DHEA found effective for improving quality of life in HIV




Clinical Endrocrinology

Related Monographs

Consumer Data: Dehydroepiandrosterone (DHEA) Acquired Immune Deficiency Syndrome (AIDS)
Professional Data: Dehydroepiandrosterone (DHEA) Acquired Immune Deficiency Syndrome (AIDS)


DHEA, or dehydroepiandrosterone, has been heavily publicized for its potential use as an anti-aging agent. It is a hormone that functions as a precursor for the production of more than 50 other hormones in the body. It is estimated that from 30 to 50 percent of the testosterone in men and about 75 percent of estrogen in women is derived from DHEA. Human production of DHEA normally peaks during a person’s mid-20s and then begins a steady, progressive decline.

DHEA is only produced in the bodies of humans and other primates such as monkeys and apes. There are no good dietary sources of DHEA other than supplementation. Much of the press on DHEA has covered its potential use in slowing the aging process. Studies have suggested that DHEA can enhance muscle strength and lean body mass while boosting immunity.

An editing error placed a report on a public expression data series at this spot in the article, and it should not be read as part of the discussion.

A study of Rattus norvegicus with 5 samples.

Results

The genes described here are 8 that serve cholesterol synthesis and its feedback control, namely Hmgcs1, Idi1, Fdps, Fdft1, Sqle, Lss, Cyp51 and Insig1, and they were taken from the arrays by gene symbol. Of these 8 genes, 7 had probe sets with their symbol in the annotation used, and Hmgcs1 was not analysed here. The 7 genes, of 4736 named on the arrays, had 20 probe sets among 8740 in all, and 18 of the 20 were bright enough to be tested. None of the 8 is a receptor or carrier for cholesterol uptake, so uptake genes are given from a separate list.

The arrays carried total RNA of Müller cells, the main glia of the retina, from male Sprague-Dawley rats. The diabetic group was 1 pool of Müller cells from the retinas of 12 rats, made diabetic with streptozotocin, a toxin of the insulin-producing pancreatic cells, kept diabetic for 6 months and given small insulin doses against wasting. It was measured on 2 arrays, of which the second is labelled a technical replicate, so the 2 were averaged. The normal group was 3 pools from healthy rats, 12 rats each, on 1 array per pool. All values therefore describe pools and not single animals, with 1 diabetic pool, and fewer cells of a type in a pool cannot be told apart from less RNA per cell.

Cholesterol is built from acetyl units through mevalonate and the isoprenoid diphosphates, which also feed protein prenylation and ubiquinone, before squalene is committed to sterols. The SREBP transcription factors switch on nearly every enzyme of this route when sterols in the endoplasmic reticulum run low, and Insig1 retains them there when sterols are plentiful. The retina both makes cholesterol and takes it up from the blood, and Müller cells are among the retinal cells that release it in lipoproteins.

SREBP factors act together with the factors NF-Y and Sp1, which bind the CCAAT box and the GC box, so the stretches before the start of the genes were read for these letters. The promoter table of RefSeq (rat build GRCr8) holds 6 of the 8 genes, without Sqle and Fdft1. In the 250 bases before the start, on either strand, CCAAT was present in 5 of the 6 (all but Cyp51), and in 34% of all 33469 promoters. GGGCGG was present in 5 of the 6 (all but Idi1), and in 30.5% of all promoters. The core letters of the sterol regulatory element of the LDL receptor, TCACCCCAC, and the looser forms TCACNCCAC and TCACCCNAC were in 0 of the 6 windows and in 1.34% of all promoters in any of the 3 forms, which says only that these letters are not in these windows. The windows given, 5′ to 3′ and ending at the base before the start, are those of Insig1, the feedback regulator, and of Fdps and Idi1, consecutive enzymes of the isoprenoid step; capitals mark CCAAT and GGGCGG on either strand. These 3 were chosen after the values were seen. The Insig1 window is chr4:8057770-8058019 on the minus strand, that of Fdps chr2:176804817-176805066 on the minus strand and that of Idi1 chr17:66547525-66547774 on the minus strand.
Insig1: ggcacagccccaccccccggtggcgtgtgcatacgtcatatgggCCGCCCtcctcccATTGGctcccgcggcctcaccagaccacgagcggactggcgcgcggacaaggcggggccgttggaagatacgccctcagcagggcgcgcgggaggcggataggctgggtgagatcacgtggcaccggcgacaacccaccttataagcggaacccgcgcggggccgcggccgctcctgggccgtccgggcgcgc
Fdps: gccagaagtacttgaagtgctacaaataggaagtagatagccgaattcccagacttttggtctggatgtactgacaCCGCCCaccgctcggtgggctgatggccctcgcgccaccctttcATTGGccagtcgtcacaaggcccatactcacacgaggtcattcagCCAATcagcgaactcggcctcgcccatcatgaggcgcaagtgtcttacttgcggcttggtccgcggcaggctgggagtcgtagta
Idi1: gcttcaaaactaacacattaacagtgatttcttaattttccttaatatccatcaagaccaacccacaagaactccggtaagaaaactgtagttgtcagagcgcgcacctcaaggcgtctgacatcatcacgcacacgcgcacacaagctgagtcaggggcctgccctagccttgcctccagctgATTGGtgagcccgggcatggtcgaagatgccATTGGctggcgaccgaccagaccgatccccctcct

A recent study published in the journal Clinical Endrocrinology investigated the use of DHEA in treatment of patients with advanced stage HIV disease. Since it is known that plasma levels of dehydroepiandrosterone-sulphate (DHEA-S) are found to decrease with the progression of HIV, investigators established a double-blind, randomized, clinical trial to evaluate the specific impact on the quality of life after supplementation with DHEA. Patients were given either 50mg per day of DHEA or placebo. At the end of the study, patients receiving the DHEA supplementation reported less distress in several areas of their life than those receiving the placebo. The difference in the two groups was considered to be significant by the investigators.1


1. Piketty C, et al. Double-blind placebo-controlled trial of oral dehydroepiandrosterone in patients with advanced HIV disease Clinical Endocrinology 55 (3), 325-330.